Some passages in the Scripture inspire fill us with confidence. Some light the fires of hope in our hearts. Other passages seem too idealistic, too fantastic to find their way into even our dreams, much less our daily lives: “For those God foreknew he also predestined to be conformed to the likeness of his Son, that he might be the firstborn among many brothers.” (Romans 8: 29) Is this possible? Does God really look at each one of us and see a destiny in which we look like Jesus?

Whatever our theological foundations regarding this passage we should all recognize that it is about God’s intention for each of one us–to become “conformed to the likeness of his Son.” Simply put, God desires to have more children like Jesus. Jesus is God’s only begotten Son, but we become his sons and daughters by adoption. The destiny of those adopted into the family of God is that we, too, should bear the family likeness. That is: we will look just like Jesus.

In a conversation with a dozen young Christians this week, I asked them if they felt it was possible to live a life without sin for even one day. No takers. So I rephrased the question and asked if it is possible to go for an hour without sinning. Only one of them thought it was possible to stay within the will of God for a single hour.

These questions about the impossible mentor are not academic. They go to the heart of our life “in Christ.” If our intuition tells us that following His example is impossible, for one day or even an hour, how can we have the confidence to pursue his vision for us? The bottom line is that God has a greater vision for what is possible in our lives than we do. Perhaps the reason the Apostle Paul instructs us later in Romans to “be transformed by the renewing of your minds” is so we can see the possibilities of a life lived in harmony with Jesus. A practical, day-to-day moment-by-moment harmony capable of generating the rest and peace he promises.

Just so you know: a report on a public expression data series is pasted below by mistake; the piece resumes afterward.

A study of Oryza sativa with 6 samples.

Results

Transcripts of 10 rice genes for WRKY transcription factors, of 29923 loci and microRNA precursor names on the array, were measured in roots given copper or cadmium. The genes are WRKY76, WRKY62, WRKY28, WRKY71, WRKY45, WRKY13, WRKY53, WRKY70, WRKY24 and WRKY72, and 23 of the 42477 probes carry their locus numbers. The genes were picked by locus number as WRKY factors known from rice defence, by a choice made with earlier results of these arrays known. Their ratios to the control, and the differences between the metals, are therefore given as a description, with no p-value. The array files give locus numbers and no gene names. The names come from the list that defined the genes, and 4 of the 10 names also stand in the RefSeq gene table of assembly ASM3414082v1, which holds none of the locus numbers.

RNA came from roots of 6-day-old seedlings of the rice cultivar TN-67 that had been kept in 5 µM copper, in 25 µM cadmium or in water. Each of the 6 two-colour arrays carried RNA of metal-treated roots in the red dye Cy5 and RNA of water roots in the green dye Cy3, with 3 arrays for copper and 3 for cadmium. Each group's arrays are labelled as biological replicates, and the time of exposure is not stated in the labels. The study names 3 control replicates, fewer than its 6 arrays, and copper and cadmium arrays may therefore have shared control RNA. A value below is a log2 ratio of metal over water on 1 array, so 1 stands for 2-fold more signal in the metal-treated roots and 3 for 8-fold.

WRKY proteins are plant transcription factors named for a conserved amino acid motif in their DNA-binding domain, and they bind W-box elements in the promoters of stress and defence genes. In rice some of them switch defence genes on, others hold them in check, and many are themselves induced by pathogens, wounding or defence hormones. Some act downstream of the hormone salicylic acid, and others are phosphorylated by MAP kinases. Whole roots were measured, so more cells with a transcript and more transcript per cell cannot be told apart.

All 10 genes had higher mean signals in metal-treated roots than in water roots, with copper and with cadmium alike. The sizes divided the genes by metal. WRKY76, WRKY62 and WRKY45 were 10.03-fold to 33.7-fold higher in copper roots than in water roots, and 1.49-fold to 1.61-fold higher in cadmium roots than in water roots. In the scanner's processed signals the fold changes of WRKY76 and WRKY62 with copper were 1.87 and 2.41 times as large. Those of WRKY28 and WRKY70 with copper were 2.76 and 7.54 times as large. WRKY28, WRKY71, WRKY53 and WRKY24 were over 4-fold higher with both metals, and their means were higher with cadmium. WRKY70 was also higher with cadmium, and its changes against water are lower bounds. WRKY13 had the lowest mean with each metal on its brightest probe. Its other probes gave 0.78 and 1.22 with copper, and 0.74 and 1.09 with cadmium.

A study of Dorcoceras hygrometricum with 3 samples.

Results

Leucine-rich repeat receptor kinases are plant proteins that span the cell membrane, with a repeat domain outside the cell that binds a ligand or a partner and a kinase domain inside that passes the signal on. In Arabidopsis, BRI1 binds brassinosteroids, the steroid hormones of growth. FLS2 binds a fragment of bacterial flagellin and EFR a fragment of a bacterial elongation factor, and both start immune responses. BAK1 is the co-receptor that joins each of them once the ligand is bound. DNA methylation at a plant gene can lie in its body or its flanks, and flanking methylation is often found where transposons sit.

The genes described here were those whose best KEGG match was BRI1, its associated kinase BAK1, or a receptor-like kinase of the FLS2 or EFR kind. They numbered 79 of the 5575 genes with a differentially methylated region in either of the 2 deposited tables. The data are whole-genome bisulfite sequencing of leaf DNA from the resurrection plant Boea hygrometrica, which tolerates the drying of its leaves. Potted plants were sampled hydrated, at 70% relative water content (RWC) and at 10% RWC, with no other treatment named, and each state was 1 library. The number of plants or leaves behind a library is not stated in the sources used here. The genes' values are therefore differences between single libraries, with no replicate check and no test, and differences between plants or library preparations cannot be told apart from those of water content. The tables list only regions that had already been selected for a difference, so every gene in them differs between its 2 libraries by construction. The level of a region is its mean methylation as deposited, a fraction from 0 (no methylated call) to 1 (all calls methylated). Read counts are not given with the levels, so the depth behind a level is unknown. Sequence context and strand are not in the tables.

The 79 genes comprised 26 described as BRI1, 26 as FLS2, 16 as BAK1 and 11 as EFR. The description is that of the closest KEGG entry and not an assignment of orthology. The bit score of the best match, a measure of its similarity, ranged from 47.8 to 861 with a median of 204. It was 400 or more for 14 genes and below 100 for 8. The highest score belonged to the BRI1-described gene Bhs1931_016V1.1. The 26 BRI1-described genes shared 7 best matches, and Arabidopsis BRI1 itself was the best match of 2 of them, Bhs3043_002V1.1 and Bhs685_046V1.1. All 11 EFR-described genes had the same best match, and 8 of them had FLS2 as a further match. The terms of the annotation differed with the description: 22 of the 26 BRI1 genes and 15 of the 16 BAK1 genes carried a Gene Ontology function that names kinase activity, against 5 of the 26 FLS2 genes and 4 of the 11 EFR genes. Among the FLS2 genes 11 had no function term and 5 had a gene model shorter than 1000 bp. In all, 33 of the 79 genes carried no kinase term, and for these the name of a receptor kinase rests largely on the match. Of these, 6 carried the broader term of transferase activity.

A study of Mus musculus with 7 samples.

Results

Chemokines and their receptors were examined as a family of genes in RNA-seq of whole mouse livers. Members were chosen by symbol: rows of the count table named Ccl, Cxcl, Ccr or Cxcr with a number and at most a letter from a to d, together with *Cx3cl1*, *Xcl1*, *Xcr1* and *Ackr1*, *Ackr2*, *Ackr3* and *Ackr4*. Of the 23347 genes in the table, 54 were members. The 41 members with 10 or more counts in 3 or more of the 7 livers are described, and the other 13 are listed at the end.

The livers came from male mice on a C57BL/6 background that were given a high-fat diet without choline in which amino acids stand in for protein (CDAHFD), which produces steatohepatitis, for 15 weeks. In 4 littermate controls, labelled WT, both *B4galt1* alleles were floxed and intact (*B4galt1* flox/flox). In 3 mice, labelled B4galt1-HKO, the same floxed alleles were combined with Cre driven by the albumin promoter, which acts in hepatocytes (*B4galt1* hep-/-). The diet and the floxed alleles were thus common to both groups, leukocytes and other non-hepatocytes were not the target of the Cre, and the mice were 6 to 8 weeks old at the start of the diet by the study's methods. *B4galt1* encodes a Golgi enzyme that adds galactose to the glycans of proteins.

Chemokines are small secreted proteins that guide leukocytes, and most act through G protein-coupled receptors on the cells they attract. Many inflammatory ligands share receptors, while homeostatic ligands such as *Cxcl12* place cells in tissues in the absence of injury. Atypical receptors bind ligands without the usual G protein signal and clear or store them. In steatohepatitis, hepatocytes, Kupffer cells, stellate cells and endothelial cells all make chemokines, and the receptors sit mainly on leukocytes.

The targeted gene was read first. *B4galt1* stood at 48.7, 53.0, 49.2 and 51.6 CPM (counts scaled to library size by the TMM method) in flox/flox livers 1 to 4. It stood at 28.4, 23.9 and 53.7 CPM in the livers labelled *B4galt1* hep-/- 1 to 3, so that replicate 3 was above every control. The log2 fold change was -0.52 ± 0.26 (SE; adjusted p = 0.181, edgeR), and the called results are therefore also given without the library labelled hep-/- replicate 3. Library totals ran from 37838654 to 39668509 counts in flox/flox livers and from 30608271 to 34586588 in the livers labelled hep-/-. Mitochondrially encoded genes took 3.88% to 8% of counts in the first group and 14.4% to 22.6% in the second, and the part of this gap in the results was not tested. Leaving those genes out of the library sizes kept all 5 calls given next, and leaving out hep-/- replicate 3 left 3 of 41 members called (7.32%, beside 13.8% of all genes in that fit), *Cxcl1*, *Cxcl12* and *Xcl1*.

Let me encourage you to ponder the foundations of your commitment to be a disciple of Jesus. Here are a few suggestions for meditation and prayer:

  • Is it possible to learn from him?
  • If Jesus is my mentor, have I committed myself to failure with no possibility of success?
  • What kind of Master would invite me to be his apprentice if he thought there was no possibility to follow in his footsteps?

The answers spoken from our heart will determine whether discipleship is possible.

 

This article about the impossible mentor is an except from the book, The Impossible Mentor: Finding Courage to Follow Jesus.